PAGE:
On the whole, ERC-funded projects prompt innovation, but the study found that those backed by Proof of Concept grants are even more effective in this respect. A survey compared the performance of Proof of Concept grantees to a control group of ERC grantees who commercialised their ideas without the top-up funding. Twenty percent of the reviewed Proof of Concept grants led to the creation of new companies, compared to around 6% in the control group. More than 42% of projects reported at least one patent application (17% in the control group) and the Proof of Concept projects were more likely to generate technology licensing agreements. More broadly, four out of five beneficiaries of the scheme achieved the objectives of their projects. The report confirms the underlying quality of the ERC-funded research and its potential for commercial and societal impact.
Read memo and full report.
The President of the ERC, Prof. Jean-Pierre Bourguignon, commented: "The review’s conclusions are an endorsement of the ERC Proof of Concept initiative. They also come with a set of recommendations for the future that we can build upon. This funding, which represents a limited investment, has already served Europe well by capitalising on the daring research and wonderful ideas of ERC grantees. It has not only brought about greater openness to exploring the innovation potential of blue sky science, but also already triggered tangible results on the basis of which the economy can be invigorated and quality of life improved.”
He added: "The Scientific Council, and many others, are convinced that frontier research lays the foundations for the industries of the future and thus proves its value as a long-term investment. Such bottom-up science generates many breakthroughs in due course. The impact of ERC-funded research can also be more immediate; a reason why, back in 2011, the Scientific Council decided to launch this scheme to help bridge the gap between research and market."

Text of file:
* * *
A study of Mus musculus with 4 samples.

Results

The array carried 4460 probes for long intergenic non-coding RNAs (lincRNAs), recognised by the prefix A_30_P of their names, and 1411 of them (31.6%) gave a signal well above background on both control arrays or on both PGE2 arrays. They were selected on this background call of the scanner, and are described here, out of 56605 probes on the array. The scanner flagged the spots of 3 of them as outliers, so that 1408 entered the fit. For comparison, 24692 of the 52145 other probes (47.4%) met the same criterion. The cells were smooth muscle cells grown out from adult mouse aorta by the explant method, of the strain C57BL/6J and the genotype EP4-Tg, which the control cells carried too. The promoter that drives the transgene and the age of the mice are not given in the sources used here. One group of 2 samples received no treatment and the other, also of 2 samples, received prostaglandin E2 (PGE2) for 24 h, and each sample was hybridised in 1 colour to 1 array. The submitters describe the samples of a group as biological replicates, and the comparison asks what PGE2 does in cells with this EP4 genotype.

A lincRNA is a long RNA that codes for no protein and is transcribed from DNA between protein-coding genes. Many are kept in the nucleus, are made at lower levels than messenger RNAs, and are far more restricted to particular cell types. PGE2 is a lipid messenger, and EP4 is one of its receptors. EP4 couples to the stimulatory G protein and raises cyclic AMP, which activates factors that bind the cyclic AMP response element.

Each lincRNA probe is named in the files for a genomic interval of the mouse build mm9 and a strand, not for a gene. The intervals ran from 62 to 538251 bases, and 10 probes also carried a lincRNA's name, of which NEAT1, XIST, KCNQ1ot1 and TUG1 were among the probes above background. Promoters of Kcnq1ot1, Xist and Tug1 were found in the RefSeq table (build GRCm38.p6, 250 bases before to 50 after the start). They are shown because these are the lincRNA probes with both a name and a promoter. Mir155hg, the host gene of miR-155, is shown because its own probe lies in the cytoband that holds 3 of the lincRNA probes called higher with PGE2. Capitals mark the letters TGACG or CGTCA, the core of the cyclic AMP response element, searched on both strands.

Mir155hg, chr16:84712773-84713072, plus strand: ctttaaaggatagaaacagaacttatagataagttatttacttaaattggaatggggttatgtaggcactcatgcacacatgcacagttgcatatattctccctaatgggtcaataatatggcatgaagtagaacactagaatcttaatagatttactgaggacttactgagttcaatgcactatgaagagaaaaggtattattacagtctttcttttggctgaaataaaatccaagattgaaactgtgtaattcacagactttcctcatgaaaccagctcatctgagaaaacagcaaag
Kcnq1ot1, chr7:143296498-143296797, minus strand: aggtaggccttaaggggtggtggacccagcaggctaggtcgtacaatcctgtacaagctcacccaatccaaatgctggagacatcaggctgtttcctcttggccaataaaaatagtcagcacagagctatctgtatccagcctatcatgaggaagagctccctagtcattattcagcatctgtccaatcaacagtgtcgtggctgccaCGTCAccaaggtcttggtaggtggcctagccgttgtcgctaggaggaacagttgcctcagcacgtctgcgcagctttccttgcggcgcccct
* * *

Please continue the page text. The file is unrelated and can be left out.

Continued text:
One of the potentially most enduring impacts of the Proof of Concept Grants is the change in the mind-set and a confidence boost of ERC grantees, even leading to a shift in culture. Sixty-eight percent of Proof of Concept grantees feel more capable of taking an idea to market thanks to the experience. The survey also showed that in many cases the results of the funded projects served as a source of inspiration in policy decision-making.
The Scientific Council, the ERC's governing body, decided to take stock of the scheme in 2017. The report provides recommendations on how to further improve the quality of the ERC operations for the benefit of ERC grantees. Read the Scientific Council's response to these suggestions.
The ERC Scientific Council conceived the Proof of Concept scheme in 2011 to help ERC grantees bridge the gap between their pioneering research and early phases of its commercialisation. Since 2011, it has backed nearly 800 projects. Worth up to €150,000 per grant and open only to ERC grantees, the funding can be used, for example, to establish intellectual property rights, investigate business opportunities or conduct technical validation.
The ERC, set up by the European Union in 2007, is the first European funding organisation for excellent frontier research. Every year, it selects and funds the very best, creative researchers of any nationality and age, to run projects based in Europe. The ERC has three core grant schemes: Starting Grants, Consolidator Grants and Advanced Grants. An additional funding scheme, Synergy Grants, was re-introduced in 2017.
To date, the ERC has funded over 8,000 top researchers at various stages of their careers, and at least 50,000 postdocs, PhD students and other staff working in their research teams. ERC funding overall has so far led to more than 800 patent applications and to the creation of over 100 companies.
The ERC is led by an independent governing body, the Scientific Council, chaired by the ERC President, Professor Jean-Pierre Bourguignon, since January 2014. With a budget of over €13 billion for the years 2014 to 2020, the ERC is part of the EU research and innovation programme, Horizon 2020, for which European Commissioner Carlos Moedas is responsible.